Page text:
The arrival of the Marriott hotel name in Canberra is the latest sign that the national capital is "coming of age", the head of the industry's peak body says.
The global giant announced on Thursday that it had struck a deal to partner with Geocon at its Midnight complex in Braddon.
The 199-room hotel will be added to Marriott's so-called Autograph Collection, which is made up of 180 individually-branded hotels in 30 countries around the world.
Geocon's Iconic Hotels will continue to own and operate the Northbourne Avenue hotel, which is due to open in September.
The wider $200 million Midnight development includes 250 apartments at the site of the old NRMA House.
Marriott International's area vice president of Australia, New Zealand and Pacific, Sean Hunt, said the nature of the relationship meant that Midnight Hotel would look and feel "individualised", but be supported by the "power and backing of Marriott".
That "backing" includes Marriott's 140-million strong customer base, which will for the first time be exposed to a Canberra market offering.
Geocon founder and managing director Nick Georgalis said the partnership would put Canberra on the radar for millions of potential visitors and customers.
"We keep talking about Canberra as an emerging city and it landing on the map," Mr Georgalis said.
"This [deal] is just another one of those long-list of things that are happening in Canberra that tick the box of it being a global city or a destination for global visitors."
Australian Hotels Association ACT-branch general manager Anthony Brierley said Marriott's arrival was a major vote of confidence in the Canberra market.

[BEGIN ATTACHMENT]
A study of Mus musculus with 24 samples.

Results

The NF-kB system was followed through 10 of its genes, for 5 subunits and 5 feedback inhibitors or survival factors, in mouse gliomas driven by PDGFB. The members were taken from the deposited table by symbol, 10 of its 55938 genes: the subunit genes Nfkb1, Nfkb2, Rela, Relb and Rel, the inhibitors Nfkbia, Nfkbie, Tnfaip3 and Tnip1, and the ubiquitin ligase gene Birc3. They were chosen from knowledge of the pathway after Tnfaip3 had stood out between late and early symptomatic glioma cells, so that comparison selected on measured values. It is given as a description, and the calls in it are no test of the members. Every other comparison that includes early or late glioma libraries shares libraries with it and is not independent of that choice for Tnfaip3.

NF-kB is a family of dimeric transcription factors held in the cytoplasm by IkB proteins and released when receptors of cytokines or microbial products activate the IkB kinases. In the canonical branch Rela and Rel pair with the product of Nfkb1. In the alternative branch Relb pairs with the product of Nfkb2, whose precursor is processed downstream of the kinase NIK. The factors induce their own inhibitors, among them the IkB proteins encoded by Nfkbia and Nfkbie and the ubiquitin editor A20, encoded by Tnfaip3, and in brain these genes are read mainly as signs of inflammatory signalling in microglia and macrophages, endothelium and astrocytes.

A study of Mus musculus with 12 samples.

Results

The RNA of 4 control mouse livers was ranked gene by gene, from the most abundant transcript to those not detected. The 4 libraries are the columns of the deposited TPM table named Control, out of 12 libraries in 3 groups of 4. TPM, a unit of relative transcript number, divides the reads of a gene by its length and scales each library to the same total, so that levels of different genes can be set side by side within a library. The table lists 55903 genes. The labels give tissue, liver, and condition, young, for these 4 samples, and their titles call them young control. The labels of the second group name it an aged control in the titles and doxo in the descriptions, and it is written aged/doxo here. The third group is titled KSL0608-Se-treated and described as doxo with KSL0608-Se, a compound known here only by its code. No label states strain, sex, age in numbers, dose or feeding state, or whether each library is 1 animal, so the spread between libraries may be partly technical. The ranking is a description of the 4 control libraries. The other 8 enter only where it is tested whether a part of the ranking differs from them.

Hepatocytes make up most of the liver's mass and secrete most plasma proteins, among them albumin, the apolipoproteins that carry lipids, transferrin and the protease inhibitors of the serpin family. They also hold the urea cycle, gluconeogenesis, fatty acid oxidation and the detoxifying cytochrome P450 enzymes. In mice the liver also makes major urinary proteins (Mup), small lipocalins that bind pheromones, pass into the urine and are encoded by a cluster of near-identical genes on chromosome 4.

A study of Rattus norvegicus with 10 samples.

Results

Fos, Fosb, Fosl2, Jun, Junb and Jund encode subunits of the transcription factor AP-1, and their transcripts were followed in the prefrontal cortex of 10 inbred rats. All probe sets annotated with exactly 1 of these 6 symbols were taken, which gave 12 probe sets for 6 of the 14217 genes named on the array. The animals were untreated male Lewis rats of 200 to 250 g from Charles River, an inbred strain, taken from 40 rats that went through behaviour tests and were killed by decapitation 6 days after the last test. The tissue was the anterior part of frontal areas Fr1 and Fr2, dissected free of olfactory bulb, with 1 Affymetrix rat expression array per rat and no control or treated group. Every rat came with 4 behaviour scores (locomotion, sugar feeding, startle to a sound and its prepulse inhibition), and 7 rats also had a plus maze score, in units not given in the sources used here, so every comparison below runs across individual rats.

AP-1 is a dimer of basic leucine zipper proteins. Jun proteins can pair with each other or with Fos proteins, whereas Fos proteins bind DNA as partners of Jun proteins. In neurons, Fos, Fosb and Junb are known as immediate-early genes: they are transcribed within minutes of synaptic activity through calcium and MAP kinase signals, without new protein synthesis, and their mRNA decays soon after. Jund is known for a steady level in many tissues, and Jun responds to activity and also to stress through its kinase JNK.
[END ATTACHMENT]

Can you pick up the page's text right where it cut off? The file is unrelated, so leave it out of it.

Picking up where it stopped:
"It's another example of Canberra coming of age, like the city has grown up," Mr Brierley said.
"It shows so much confidence in what we are doing here."
The hotels' association has predicted the number of rooms in Canberra will jump by 30 per cent in the next two years, prompting warnings of mass vacancies unless more is done to boost visitor numbers during traditionally quiet periods.
But Mr Brierley said high-end brands such as Marriott and Hilton, which has presented a proposal to the ACT government to open in Canberra, would fill a existing gap in the market.
Chief Minister Andrew Barr has for years been encouraging global brands to open their doors in the ACT, and most recently met with representatives from Fullerton Hotels during a trade mission to Singapore in July.
On Thursday, an ACT government spokesman welcomed news of Marriott's entrance into the Canberra market.
"The decision to bring the brand to the nation's capital demonstrates that Canberra is becoming a global city, and will support our booming tourism industry," the spokesman said.
"The Midnight Hotel will showcase bespoke Canberra products and local food and beverage offerings to further support and grow our local economy."